At a historic place you can see the tourist, the serious historian, the casual browser who forgot his guide book in the hotel room, the artist sketching away under a pillar and hoards of other people. The common thread, they are all going to make memories of this visit. How is the question? Thanks to technology, everyone owns a camera now. Take out your phone, flip, there clicked.
So, what actually sets apart a clickster from a photographer or more importantly what defines "making of a picture", as opposed to "taking of photographs" (to quote Robert Kincaid, in The bridges of Madison County, I refer to the book and not the movie).
Yes, the two are very different. The former sees everything and wants to freeze them as a diary that he can later look through and remember. These visual diaries will float again and again, now thanks to social media websites which will also give you reminders, "on this day" years ago.
The latter looks at a scene a moment and designs in their head what they want to shoot. This the primary difference. The framing, the planning, the fleeting moment and the speed at which this composition happens is fast paced, spontaneous, the result invariably being remarkable. Of course there are many a photographers who actually will prepare the space to their need, lighting, angle, all precise, with subject, background, foreground, and then the right moment, Click! That too is making a picture, however that one has a rehearsed result in mind.
My interest or should I say my personal favorite be it on the street, at a venue, in the gardens, at a historical site or even shooting a beautiful landscape, is waiting for that right drama to unfold. When that sudden moment presents itself, and within seconds you have to decide, where you position yourself, to gain that edge over that perfect shot. It happens so fast. The magic happens, and is gone in a fleeting few seconds. You either nailed it or you did not. Hence people photography and street photography, give me ample joy and satisfaction. The action, the drama one can expect from them is visually stimulating and soul satisfying.
That having been said I do admire macro shot designers. And yes that's what I like to call them. They design a certain element of abstraction and revel in the cleverness, of their result. Skill here being the ability to get a good lens and getting very close to the subject. There is a sense of neatness in this method which cannot appeal to the madness, I feel, when I am behind the lens. I have my share of macro and when it comes to sharing my nikon moments I do so with my best sudden moment shots. Macro shots are for my iphone moments when I left the Nikon home and need to capture it bad.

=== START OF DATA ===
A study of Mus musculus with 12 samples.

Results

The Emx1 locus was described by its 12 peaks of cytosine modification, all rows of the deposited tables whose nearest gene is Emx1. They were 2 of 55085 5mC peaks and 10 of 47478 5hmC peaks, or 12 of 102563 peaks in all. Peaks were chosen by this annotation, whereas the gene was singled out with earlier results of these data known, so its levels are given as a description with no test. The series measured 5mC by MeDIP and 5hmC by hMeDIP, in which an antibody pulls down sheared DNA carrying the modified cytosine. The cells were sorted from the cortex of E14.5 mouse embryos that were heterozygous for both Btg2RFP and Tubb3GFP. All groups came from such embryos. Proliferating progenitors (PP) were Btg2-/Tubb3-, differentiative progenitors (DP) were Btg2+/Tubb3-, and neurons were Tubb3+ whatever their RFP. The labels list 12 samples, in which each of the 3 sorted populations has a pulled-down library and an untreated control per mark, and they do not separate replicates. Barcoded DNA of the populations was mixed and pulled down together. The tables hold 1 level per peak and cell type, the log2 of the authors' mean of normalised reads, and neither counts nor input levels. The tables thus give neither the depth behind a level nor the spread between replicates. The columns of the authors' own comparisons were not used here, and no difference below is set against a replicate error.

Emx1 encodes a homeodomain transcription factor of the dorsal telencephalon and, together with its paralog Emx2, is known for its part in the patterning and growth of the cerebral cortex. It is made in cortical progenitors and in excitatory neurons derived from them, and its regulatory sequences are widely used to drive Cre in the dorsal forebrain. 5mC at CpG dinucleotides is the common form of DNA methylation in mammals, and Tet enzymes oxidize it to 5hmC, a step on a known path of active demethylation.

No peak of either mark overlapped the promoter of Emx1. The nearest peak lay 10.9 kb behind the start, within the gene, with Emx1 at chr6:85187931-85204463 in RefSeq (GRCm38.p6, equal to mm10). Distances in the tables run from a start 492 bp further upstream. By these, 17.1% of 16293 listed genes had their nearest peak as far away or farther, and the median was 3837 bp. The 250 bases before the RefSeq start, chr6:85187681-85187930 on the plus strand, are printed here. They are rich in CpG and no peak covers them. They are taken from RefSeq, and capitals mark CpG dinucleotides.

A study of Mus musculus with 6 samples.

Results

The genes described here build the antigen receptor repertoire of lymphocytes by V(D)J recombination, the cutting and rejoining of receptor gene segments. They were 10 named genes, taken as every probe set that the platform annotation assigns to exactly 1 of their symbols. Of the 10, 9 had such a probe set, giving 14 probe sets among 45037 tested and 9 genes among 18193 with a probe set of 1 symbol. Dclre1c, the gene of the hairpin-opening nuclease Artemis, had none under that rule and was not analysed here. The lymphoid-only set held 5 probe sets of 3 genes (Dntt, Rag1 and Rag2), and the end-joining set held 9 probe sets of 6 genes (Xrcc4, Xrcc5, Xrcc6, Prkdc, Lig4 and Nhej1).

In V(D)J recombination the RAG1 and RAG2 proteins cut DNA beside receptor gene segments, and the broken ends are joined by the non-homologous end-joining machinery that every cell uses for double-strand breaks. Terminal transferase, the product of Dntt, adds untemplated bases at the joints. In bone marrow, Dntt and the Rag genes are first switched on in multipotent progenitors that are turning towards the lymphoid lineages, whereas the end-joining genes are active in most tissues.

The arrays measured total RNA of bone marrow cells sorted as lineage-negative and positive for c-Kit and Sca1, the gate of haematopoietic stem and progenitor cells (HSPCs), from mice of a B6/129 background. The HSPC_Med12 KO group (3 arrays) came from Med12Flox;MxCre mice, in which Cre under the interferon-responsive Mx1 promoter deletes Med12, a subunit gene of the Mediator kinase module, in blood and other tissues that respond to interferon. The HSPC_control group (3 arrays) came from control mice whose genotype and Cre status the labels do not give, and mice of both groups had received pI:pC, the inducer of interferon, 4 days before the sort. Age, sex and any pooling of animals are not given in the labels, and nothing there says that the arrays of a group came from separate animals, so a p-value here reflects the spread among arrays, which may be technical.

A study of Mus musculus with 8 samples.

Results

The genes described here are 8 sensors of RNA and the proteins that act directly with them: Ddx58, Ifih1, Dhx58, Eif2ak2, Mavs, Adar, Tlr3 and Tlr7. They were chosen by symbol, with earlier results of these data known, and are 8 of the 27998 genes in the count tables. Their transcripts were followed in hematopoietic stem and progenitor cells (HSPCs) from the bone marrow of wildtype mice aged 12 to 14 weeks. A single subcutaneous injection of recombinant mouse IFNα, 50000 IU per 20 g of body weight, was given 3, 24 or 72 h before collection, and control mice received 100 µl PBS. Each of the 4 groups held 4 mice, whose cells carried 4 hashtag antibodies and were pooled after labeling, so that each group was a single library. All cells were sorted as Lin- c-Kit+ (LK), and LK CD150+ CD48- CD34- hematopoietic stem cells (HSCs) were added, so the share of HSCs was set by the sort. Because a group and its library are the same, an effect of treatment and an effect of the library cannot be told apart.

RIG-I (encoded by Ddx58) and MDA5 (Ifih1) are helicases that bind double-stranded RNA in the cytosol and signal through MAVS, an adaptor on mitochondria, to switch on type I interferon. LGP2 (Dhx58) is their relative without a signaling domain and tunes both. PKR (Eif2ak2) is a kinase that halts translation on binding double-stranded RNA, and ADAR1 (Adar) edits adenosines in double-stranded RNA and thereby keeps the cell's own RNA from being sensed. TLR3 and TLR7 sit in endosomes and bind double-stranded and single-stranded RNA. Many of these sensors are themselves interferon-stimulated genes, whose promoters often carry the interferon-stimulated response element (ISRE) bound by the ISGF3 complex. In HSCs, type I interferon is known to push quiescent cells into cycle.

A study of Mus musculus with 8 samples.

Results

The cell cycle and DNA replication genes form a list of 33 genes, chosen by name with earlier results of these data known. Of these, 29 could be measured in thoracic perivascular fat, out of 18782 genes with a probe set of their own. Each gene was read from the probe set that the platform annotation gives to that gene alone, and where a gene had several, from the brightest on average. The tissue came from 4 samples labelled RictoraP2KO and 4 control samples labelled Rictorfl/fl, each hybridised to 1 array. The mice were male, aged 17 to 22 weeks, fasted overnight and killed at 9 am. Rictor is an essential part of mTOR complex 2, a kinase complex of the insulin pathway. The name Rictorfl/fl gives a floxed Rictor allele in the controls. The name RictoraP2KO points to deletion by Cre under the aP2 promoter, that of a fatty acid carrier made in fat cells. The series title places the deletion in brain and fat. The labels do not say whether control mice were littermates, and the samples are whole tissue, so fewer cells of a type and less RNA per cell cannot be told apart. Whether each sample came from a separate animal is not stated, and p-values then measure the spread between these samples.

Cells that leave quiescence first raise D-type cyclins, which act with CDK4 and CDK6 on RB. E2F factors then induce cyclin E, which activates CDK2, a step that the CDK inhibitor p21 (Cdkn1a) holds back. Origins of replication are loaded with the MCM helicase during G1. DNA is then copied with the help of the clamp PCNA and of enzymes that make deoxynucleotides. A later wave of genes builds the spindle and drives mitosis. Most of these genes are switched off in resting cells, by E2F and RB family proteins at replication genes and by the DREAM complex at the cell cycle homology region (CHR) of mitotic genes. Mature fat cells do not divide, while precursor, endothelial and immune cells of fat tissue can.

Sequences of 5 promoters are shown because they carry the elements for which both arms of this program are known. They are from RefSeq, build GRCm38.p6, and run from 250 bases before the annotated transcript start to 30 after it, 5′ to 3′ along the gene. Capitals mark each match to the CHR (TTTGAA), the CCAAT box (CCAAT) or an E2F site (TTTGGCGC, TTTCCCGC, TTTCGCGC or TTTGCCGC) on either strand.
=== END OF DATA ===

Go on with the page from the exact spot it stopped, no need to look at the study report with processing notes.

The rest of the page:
Like everything else I approach my work spiritually and I am constantly reminded, like life, I am not in control of my surroundings and the situation and the place I am in. Its a chance, like everything else, that I am here, now and the only thing I have control over, is my settings. Hell ya, better get them right as the moment is here now, soon gone.
Image Couretsy : Joyotee Ray Chaudhury
About the column : "Yes we are prisoners in our own need to create and be ourselves. This column is dedicated to creative beings and an attempt at understanding the creative mind. Here you will find me discuss works of art, artists, art shows, exhibitions and sometimes you will encounter the not so sane moments of the quirky mind. Intrigued, stay that way...the journey just gets much more interesting and colourful from here on."- Joyotee
About the author : Joyotee is a Singaporean artist, of Indian decent. She is artistically influenced by her father, the late Ajit Kumar Banerjee, a highly decorated art director in the pioneering days of Bombay Film Industry. Her art reflects her colorful and vivacious personality and multicultural background. A free spirited and spiritual being, her greatest motivation is to create without inhibition. Recently she has been creating her niche by mixing photography with paintings. She has had several groups and solo exhibitions in Singapore (one of which being in the Singapore Art Museum), U.S, Germany, Taiwan and India as well. Her paintings reflect the modern day interpretation of Bengal figurative style. Nowadays she finds herself hugely absorbed in expressing, through photography as her medium. She has had her pure photography exhibition and been funded forthe same.